The existence of microbial life on Mars remains highly controversial, but recent evidence of water, complex organic molecules, and methane in the Martian environment, combined with findings from the 1976 Viking mission, have led to the conclusion that existing life on Mars is a possibility that must be considered, as presented in an article in Astrobiology.
In "The Case for Extant Life on Mars and Its Possible Detection by the Viking Labeled Release Experiment," coauthors Gilbert V. Levin, Arizona State University, Tempe, and Patricia Ann Straat, National Institutes of Health, Bethesda, MD (retired), clearly outline the evidence to support the "biological hypothesis," which argues that the results of the 1976 Viking Labeled Release experiment were positive for extant microbial life on the surface of Mars.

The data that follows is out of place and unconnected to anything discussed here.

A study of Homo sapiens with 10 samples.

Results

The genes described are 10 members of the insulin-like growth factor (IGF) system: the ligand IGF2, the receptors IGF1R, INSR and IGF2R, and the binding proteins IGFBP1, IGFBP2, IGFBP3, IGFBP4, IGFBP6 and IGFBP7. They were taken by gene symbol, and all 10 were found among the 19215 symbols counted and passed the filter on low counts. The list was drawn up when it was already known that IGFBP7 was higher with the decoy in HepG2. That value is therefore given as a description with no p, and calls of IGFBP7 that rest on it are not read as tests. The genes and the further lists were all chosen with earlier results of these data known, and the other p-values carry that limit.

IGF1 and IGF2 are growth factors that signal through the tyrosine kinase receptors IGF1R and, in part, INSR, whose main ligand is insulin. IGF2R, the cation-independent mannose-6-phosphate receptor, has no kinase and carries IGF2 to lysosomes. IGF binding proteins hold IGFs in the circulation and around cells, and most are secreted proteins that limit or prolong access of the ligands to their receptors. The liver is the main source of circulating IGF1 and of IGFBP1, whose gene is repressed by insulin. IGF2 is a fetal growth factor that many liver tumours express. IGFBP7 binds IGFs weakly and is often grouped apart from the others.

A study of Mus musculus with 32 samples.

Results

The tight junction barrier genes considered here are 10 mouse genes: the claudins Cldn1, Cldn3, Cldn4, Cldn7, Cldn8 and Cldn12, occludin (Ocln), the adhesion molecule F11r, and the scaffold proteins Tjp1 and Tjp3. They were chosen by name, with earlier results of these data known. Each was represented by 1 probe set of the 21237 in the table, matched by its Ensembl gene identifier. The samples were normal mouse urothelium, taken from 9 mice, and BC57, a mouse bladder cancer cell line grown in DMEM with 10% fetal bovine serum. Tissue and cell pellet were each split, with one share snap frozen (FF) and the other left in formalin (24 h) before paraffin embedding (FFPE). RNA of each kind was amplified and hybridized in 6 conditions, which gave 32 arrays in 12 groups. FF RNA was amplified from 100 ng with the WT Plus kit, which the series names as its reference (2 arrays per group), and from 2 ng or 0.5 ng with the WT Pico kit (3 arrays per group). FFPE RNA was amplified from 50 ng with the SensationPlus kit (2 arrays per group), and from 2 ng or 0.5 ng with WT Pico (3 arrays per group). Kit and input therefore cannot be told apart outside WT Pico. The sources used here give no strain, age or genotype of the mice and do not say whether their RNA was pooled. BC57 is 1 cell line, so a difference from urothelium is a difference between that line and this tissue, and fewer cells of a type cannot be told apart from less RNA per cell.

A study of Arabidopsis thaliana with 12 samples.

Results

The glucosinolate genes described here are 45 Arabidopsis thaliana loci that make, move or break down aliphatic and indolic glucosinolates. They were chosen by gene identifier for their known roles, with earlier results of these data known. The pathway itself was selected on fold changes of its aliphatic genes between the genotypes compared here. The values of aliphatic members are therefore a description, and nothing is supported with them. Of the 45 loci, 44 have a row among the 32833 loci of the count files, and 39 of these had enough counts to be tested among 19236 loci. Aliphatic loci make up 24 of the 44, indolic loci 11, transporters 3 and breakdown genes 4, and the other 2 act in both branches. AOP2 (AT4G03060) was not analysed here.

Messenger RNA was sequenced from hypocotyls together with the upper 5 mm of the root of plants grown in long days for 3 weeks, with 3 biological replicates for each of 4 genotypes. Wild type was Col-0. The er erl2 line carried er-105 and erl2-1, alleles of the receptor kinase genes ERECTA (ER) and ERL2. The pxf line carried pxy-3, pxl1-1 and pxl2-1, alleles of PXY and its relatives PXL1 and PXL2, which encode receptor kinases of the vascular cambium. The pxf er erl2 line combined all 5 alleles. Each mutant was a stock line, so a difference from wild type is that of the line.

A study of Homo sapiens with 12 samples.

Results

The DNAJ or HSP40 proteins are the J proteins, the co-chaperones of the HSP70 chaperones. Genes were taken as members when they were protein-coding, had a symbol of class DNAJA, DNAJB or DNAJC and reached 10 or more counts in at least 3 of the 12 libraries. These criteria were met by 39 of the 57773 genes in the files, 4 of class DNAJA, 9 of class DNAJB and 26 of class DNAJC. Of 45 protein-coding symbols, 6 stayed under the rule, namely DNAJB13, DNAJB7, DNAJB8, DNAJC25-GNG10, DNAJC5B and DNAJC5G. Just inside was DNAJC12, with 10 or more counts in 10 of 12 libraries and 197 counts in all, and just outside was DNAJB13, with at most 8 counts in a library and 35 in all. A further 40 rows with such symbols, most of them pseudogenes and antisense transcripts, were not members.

Further, Drs. Levin and Straat evaluate the "non-biological hypotheses" to explain the Viking results, which many scientists support, but the authors conclude that the experimental evidence supports a biological explanation and the likelihood that microorganisms were able to evolve and adapt to be able to survive in the harsh conditions of the Martian environment.
"Even if one is not convinced that the Viking LR results give strong evidence for life on Mars, this paper clearly shows that the possibility must be considered," says Chris McKay, PhD, Senior Editor of Astrobiology and an astrobiologist with NASA Ames Research Center, Moffett Field, CA. "We cannot rule out the biological explanation. This has implications for plans for sample return from Mars and for future human missions."